Connecting state and local government leaders
No, Florida isn’t one of them.
The governors of four states agreed Thursday to create a shared database on people barred from buying or possessing a firearm to better prevent them from obtaining a gun or permit.
States for Gun Safety is a coalition consisting of New York, Connecticut, New Jersey and Rhode Island that will provide law enforcement with details on the firearm purchases and permit denials of disqualified individuals.
Disqualification can occur if a person has a warrant out for their arrest, an order of protection, a mental illness or a criminal history.
“We cannot sit back and let guns get into the hands of those who shouldn't have them, and we cannot simply watch almost daily tragedy occur,” Connecticut Gov. Dan Malloy said in the announcement. “One thing remains clear: we would be better off if every state and the federal government enacted sensible gun safety rules.”
The coalition forms eight days after a mass shooting at Marjory Stoneman Douglas High School in Parkland, Florida, which claimed the lives of 14 students and three teachers with more than a dozen others injured.
Since 2013, the U.S. has averaged a school shooting a week with 17 such shootings in 2018, according to Everytown for Gun Safety.
"Rhode Island has some of the nation's strongest gun laws, but our nation has some of the world's weakest,” said Rhode Island Gov. Gina Raimondo in a statement. “Kids in Florida and across the nation are taking action, and it's not a surprise: We've forced them to lead because for years elected officials in Washington have refused to.”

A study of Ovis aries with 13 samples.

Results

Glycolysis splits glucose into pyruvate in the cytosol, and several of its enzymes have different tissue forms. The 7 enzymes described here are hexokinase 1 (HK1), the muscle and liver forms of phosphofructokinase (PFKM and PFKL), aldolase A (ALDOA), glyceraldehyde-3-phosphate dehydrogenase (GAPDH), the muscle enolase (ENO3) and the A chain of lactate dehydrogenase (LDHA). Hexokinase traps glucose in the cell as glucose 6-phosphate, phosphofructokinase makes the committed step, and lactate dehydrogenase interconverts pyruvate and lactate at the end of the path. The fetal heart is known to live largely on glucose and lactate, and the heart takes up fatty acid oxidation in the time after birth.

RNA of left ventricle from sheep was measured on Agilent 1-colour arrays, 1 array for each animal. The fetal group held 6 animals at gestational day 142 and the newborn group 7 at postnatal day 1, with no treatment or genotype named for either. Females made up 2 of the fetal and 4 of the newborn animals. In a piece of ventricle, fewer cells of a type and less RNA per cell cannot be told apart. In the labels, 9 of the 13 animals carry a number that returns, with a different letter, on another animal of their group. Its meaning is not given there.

Many Parkland survivors have pushed state and federal lawmakers for tighter gun controls banning assault rifles and requiring universal background checks for all buyers, a policy supported by 97 percent of American voters, according to a Quinnipiac University poll conducted after the shooting.
During a listening session Wednesday with Parkland survivors, President Trump indicated he’d consider a proposal to arm school teachers similar to airline pilots.
“You know, a lot of people don’t understand that airline pilots now, a lot of them carry guns, and I have to say that things have changed a lot,” Trump said. “People aren’t attacking the way they would routinely attack and maybe you would have the same situation in schools.”
The New York Secure Ammunition and Firearms Enforcement Act of 2013 banned the sale of assault weapons and high-capacity magazines while keeping guns away from those with mental illness. Gov. Andrew Cuomo’s administration argues the lack of federal regulations preventing the transport of firearms across state lines undermines such state legislation.
A database will supplement the National Instant Criminal Background Check System intercepting out-of-state guns, and the agreement also outlines the nation’s first Regional Gun Violence Research Consortium to inform policymakers:
“The States of New York, New Jersey, Connecticut, and Rhode Island recognize the need to develop new evidence-based strategies to prevent and disrupt the cycle of gun violence. Notwithstanding the federal government’s prohibition of federal support for gun violence research since 1996, the States of New York, New Jersey, Connecticut, and Rhode Island have sought to address the causes and effects of gun-involved homicides, suicides, and injuries."
Higher education institutions will partner on the consortium in the areas of public health, social welfare, public policy and criminal justice.
In addition to an assault weapons ban and universal background checks, the coalition will push for a waiting period between the purchase and delivery of guns at the federal level.
“[A] collective of states can take these steps together broaden the reach and impact of common sense gun safety laws,” New Jersey Gov. Phil Murphy said in a statement.
Dave Nyczepir is a News Editor at Government Executive’s Route Fifty and is based in Washington, D.C.